Jennifer Lane

Groundhogs must be perplexed by human behavior on February 2. We're not usually that nice to the critters. Kids in particular are fond of loading groundhog holes with explosives, whapping groundhogs with spades, shooting at em with BB guns, or forcing the groundhogs to have fatal indigestion after sampling some well-placed bubblegum. This is all in hopes of having a dead garden pest to claim as a prize. But, on Feb. 2, we all wait to see the groundhog, alive, pop out of his hole. Will he see his shadow?

Whether or not many students realize it, the Institute has its own Groundhog Day rituals. It's called Registration Day.

We all fit the groundhog bill pretty well. The Reg Day shuffle is well ingrained into each and every student. If there are any questions about what to do or where to go on Reg Day, they are easily answered by peacefully accepting the herd mentality.

You wake up, go outside and look around, a little depressed by the end of IAP, senses perhaps still a little dimmed from the hearty goodbye you said to January the night before. A constant stream of students is flowing around you, so you join the crowd heading towards 77 Massachusetts Avenue.

Once you reach the main buildings, you see students start to branch off of the bustling main artery, and a dreadful thing happens - you must leave the comfortable crowd - off to see your adviser. Painful memories of previous adviser meetings gone bad run willy-nilly through your brain, but you press on. After all, you need that sacred triplicate form. After a few contrived facial expressions and well-articulated phrases, you convince your adviser that your course plan is clearly superior to whatever he or she has suggested. Either that, or you've found a new adviser. With that, you receive the all-important triplicate signature.

Clutching the white paper to your chest, you head back out towards the throbbing artery of students. Glancing around for direction, you notice a distinct stream of folks grasping similar white papers. They must know where they're going. With any luck, you've joined the stream heading to the correct athletic facility, DuPont. There's always a tributary that winds up in Johnson, but they'll get it straightened out soon enough.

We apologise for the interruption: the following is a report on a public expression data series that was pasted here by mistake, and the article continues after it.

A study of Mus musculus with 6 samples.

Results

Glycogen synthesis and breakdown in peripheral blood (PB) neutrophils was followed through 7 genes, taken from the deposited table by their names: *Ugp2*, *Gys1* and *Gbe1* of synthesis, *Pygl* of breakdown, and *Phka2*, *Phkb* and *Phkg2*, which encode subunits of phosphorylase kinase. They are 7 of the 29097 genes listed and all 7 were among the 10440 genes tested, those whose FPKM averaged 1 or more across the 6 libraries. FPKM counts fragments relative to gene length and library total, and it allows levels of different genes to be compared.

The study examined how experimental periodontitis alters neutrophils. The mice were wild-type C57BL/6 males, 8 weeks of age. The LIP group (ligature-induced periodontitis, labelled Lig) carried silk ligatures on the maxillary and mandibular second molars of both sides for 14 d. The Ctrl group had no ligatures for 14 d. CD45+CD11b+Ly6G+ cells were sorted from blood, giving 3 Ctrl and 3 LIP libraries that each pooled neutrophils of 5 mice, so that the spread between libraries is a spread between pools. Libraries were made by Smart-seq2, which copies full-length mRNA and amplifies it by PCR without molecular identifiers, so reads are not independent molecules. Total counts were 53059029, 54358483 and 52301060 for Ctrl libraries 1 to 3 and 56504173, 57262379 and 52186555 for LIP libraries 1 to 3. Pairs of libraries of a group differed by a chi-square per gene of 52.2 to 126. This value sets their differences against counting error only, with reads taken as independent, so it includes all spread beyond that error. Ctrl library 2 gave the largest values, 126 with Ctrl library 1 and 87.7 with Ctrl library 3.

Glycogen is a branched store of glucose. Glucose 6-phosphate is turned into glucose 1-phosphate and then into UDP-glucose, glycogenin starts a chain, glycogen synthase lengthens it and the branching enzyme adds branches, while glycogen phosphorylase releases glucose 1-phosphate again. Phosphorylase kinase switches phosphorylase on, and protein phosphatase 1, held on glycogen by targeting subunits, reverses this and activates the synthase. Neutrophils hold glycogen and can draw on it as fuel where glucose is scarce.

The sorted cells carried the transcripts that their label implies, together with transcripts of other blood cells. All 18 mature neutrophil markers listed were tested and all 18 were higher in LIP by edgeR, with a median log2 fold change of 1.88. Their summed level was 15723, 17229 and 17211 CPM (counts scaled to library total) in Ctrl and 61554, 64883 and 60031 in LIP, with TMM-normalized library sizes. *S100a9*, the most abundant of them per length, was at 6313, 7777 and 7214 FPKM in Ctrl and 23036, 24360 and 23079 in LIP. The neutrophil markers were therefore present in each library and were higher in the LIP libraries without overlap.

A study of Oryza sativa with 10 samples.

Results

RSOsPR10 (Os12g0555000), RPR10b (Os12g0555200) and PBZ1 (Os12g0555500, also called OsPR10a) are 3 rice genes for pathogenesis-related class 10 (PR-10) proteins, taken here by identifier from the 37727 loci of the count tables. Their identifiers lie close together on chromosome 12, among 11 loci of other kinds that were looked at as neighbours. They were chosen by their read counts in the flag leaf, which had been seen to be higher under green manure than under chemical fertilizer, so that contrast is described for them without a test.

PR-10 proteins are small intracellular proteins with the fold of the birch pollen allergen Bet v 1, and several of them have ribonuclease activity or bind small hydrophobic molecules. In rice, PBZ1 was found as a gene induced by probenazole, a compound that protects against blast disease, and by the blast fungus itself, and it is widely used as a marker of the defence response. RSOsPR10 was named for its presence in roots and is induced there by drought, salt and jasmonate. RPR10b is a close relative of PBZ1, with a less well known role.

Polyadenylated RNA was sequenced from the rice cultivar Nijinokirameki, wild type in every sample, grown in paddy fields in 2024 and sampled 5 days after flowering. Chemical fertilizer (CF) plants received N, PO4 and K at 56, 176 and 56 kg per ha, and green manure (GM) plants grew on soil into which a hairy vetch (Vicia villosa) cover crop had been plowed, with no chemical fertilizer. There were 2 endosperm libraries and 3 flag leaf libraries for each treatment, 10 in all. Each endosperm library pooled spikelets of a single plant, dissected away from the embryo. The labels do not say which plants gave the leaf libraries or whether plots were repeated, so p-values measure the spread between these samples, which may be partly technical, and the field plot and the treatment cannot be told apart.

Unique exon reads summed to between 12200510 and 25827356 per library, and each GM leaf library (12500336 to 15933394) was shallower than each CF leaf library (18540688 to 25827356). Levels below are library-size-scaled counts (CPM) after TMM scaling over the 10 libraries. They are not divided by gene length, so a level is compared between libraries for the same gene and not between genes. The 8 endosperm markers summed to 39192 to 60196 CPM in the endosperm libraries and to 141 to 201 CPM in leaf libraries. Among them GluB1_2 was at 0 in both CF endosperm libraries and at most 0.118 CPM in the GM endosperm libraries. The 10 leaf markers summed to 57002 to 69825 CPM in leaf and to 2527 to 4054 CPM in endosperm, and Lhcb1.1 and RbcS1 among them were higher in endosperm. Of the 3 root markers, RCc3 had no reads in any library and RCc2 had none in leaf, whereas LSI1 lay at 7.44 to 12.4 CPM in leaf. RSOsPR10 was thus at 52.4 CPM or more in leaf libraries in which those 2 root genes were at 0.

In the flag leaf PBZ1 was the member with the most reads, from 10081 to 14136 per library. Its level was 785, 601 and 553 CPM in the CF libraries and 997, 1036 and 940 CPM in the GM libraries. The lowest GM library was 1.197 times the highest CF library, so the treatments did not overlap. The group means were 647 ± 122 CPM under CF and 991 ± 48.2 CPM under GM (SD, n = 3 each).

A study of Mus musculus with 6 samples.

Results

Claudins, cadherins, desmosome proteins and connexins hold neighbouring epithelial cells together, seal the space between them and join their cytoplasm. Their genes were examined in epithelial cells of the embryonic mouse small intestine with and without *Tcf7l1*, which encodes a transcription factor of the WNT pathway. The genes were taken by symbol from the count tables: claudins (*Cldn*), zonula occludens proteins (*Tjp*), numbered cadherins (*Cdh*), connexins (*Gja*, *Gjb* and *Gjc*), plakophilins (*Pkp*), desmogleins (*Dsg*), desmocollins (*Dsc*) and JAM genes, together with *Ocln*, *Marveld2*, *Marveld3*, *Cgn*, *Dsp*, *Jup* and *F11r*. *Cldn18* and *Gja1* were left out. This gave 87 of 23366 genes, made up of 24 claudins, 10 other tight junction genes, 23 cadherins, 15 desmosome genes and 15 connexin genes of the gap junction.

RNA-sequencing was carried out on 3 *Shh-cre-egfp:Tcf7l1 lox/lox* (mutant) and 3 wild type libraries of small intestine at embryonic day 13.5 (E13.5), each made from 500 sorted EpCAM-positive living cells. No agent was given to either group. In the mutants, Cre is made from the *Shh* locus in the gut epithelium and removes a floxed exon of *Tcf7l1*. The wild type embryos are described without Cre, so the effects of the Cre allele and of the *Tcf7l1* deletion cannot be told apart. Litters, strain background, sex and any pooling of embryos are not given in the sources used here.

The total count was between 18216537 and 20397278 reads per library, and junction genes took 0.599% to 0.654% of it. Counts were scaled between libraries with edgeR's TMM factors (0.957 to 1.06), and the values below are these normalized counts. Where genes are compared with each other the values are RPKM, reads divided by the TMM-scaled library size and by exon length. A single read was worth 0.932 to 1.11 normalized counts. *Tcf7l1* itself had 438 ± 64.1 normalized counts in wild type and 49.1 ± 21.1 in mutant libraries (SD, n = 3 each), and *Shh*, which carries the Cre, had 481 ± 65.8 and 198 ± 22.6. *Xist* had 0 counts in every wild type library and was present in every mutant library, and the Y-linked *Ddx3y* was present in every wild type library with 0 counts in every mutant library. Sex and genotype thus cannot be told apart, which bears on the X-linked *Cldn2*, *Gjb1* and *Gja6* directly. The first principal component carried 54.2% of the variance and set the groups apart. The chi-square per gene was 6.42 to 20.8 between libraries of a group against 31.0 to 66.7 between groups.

You then have your form dutifully stamped by an Alpha Phi Omega volunteer, grab your Lecture Series Committee calender (probably incurring a Reg Day papercut), and are tossed aside with your yellow copy as the only testament to the day's adventure.

Following the other yellow-form-adorned students, you find yourself and your wallet reluctantly being drawn towards the Coop.

The first time I performed the shuffle, Iwas disgusted. It seemed that an institution such as MIT should have long ago figured out how students could perform this whole process from the comfort of their Institute-issued network connection. Maybe this is the way things are headed, but Ino longer think it would be a good thing.

It is amazing what members of the community come out of their holes on Reg Day. Students living off campus enter the shuffle just like dormitory residents. Undergraduates have a chance to run into M. Eng. students who have been exiled to a graduate dormitory for the fifth year of their academic career. Graduate students even march out of their labs and get in on some of the excitement. Throughout the shuffle students from these often disparate areas of the community can be seen chatting and catching up on the events of the previous semester.

Faculty and students even share some of the same space during the shuffle. Specifically, professors leaving their Rebecca's lunch are thrown into the throngs of the Coop-bound flow of students. Some of them even recognize students and stop to offer a word or two of encouragement. And, of course, every student has that requisite face-to-face encounter with at least one faculty member, their adviser.

And everyone is almost happy, or at least full of hope. There's no classwork to feel guilty about punting yet, and new classes have a new-car-like thrill about them as people anticipate the next four months. Will this semester be better than last?

For those non-students watching the groundhog on Feb. 2, the activities of the next six weeks hang in the balance. Do you keep the sled out where you can use it, or do you hide it away and whip out the bathing suit?

Well, here at MIT, adrift in a sea of groundhog-less concrete, Ihad to get my groundhog news from media broadcasts, reports from home, and the web. Iwasn't about to sit around and watch if the rats along Memorial Drive saw their shadows. Somehow they just don't have the same authority.

This year, Phil the groundhog in Punxsutawney, Pennsylvania - long a strong groundhog personality - did indeed see his shadow, and the residents of Pennsylvania have bundled up for another six weeks of winter.

I checked the faculty phone directory for the position of groundhog, and it seems that re-engineering has not yet formulated a vermin task force. No one has even snarfed up the address of groundhog@mit.edu. So it seems there's no authority on whether or not MIT will have winter for the next six weeks - or a sustained sense of community, for that matter.

Unfortunately, MIT students out for Reg Day always seem to see the looming shadow of finals and grades, and we beat a hasty retreat to our holes.